Amadeo de Souza-Cardoso (1887-1918)

Untitled (Coty)

Unknown title (Coty) (c. 1917) by Amadeo de Souza-CardosoCentro de Arte Moderna Gulbenkian

Untitled (Coty), dated circa 1917, is one of the most emblematic works of the final phase of production of Amadeo de Sousa-Cardoso. Curiously, the main theme of the painting is the representation of the female figure in front of the mirror, whose naked body stands out in the centre of the composition, a subject matter which had disappeared from Amadeo’s canvases and drawings.

Nevertheless, ‘Coty’ presents several recurrent themes
in Amadeo’s work, such as windows, insects, cards, popular ceramics and
letters. The painting's complexity is related to the movement and combination of materials and techniques, through the use of collage including a series of elements belonging to the female universe, like the iconographic reference to ‘Coty’ perfume.

Amadeo refers to the revolutionary figure of the perfume industry François Coty, who in 1904, in Paris, founded the perfume brand which still exists today.

A reference to the fragrance was found in a letter that Amadeo wrote in 1913 to Lucie, whom he married the following year, and to whom he gifted the perfume.

Next to the representation of a perfume bottle the artist has stuck a thick fragment of a mirror, an element that gives the painting relief and three-dimensionality.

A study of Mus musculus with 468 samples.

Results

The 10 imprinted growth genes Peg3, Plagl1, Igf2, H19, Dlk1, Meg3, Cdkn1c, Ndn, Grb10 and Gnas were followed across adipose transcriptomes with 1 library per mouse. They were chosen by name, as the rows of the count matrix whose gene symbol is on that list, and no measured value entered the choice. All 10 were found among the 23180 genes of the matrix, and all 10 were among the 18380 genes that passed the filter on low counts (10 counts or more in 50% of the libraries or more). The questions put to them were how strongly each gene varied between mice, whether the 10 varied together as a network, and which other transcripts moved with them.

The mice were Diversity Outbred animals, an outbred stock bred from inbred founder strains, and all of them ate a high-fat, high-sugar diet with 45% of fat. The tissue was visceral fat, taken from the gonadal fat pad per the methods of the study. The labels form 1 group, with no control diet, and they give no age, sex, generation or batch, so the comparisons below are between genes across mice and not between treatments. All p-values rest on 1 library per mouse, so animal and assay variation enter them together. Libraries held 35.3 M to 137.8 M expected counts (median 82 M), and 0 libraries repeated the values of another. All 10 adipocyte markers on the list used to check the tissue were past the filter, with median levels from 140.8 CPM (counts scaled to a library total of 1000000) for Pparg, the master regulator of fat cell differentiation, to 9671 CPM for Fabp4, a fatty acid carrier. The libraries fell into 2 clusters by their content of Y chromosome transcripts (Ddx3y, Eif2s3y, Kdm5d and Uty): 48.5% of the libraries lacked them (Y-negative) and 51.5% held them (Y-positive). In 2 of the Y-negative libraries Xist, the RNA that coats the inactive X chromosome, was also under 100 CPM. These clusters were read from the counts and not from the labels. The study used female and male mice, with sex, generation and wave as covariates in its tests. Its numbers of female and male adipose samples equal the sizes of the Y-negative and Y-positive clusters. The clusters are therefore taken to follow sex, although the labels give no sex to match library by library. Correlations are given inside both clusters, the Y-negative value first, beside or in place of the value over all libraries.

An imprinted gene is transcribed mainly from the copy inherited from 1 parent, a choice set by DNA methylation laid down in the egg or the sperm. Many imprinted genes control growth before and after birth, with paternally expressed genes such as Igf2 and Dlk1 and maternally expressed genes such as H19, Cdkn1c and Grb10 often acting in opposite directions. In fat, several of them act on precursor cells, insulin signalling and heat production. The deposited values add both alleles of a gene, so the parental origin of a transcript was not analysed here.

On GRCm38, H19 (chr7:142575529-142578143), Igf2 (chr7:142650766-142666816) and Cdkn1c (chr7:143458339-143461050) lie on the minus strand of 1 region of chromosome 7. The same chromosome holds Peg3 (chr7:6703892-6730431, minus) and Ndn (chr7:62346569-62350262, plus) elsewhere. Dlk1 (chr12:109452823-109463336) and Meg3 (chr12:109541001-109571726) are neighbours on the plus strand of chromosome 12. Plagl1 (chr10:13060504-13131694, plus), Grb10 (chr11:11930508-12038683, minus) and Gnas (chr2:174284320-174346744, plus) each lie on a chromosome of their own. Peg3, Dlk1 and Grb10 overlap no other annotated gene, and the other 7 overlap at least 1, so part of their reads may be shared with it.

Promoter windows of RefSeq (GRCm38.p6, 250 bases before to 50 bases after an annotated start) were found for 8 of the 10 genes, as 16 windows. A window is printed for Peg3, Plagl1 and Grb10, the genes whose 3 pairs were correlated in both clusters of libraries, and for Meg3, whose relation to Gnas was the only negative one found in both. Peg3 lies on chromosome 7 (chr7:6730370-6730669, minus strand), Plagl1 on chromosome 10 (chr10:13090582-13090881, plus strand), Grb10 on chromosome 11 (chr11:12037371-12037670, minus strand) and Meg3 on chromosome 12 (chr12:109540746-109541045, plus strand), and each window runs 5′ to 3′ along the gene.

In the upper left-hand corner, Amadeo included several fragments of mirrors, one in the shape of an irregular pentagon and the others triangular; one of the mirrors is cracked.

Imitating wood, the 'trompe l'oeil' where the mirrors are pasted, in the area at the top left-hand side, creates a harsh, rough surface.

The beaded necklace, on the neck of the female figure, is embedded in the painting, creating a more irregular and bumpy texture on the pictorial surface.

Another element that features in a more uneven area of the pictorial surface are the hairpins.

In contrast, the body of the figure is the area where the brushwork is more uniform and luminous, maintaining a smoother pictorial surface.

The range of colours in the painting – white, yellow, pink, red, orange, green, blue and brown – enriches the scene.

The fragmentation of the gaze that characterised
modernity at the beginning of the 20th century enabled Amadeo to reflect and self-reference in ‘Coty’, through the skilful use of mirrors, which also bring in the public observing the painting. 

Credits: Story

Text by Patrícia Rosas
Curator of the Calouste Gulbenkian Museum

Credits: All media
The story featured may in some cases have been created by an independent third party and may not always represent the views of the institutions, listed below, who have supplied the content.